Date: 23rd October 2013 at 9:12am

But there is a major different in the make-up of the newly formed group in comparison to the old sporting and technical working groups.

While the sporting and technical working groups represented all eleven teams on the Formula One grid, the new F1 Strategy Group will not.

Instead the new F1 Strategy Group will comprise of 18 voting members, including members from the FIA and Formula One Management and also include the sports ‘top four’ of Ferrari, Red Bull, McLaren and Mercedes, for historical reasons Williams have also been invited along, whilst Lotus as the highest placed constructor have also been included.

This means that Force India, Sauber, Toro Rosso, Marussia and Caterham have been frozen out of the talks [although as Red Bull Racing’s sister team it could be argued that Toro Rosso will have a voice].

This decision has been dubbed as unethical by Force India’s Deputy Team Principal Bob Fernley.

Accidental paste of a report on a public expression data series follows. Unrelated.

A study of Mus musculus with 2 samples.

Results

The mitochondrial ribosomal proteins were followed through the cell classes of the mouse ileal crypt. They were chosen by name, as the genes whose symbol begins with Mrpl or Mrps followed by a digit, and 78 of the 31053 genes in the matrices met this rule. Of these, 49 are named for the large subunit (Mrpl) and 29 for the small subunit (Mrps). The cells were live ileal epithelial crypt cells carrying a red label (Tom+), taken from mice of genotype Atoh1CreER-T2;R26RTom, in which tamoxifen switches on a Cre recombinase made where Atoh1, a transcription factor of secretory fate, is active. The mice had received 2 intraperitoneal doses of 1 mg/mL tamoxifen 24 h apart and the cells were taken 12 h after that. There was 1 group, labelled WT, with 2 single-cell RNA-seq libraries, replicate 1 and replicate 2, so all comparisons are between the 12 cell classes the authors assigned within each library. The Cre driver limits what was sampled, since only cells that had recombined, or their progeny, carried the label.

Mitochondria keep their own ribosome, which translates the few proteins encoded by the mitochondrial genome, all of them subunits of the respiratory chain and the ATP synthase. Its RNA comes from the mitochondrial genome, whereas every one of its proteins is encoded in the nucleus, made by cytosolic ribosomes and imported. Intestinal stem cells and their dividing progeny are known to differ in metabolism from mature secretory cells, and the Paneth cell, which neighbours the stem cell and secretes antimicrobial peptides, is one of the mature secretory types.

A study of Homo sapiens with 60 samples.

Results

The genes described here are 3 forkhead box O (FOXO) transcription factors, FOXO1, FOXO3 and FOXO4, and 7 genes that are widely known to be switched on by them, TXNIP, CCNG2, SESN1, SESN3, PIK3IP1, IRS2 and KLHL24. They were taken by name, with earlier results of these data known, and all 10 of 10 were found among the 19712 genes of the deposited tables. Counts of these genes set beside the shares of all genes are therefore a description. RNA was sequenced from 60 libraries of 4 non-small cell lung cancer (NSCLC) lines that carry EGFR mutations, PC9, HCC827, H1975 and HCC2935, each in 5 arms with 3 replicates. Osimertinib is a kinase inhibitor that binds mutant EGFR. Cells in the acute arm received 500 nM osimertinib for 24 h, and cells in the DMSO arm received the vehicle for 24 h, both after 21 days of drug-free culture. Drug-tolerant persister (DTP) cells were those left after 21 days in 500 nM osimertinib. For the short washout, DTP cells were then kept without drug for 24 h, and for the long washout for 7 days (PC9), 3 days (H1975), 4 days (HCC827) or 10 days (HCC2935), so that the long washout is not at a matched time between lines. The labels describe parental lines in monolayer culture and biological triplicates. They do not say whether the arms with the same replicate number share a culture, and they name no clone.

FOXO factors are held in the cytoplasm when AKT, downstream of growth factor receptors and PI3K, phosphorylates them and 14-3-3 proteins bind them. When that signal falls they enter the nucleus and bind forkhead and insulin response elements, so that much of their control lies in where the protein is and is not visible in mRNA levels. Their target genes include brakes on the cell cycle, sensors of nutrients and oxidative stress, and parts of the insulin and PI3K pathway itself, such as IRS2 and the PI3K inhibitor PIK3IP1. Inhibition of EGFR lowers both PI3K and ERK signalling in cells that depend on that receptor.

‘All teams basically pay the same amount to go racing, The only differentials are in drivers’ salaries and hospitality. And yet some teams have no say in how the sport is run. It could certainly be deemed abuse of a dominant position.’ Fernley told the Telegraph.

‘Some of the teams have grave reservations about the legality of it.

‘There is genuine concern among some of the teams on the Strategy Group, particularly the ones who are public companies. This is not ethical governance.’

One of the major discussion points at Monday’s meeting could be the introduction of customer cars, with the likes of Red Bull, McLaren, Mercedes and Ferrari able to sell old chassis to the smaller teams down the grid.

Currently teams are only able to sell ‘listed parts’ such as gearboxes, Energy Recovery Systems and as manufacturers engines, but this switch in Formula One strategy could see older versions of Red Bull Racing’s cars being sold off to Marussia to compete in races, a move that the majority of the people involved in the sport are against, but it will be money that determines the result of the discussions and any impending vote.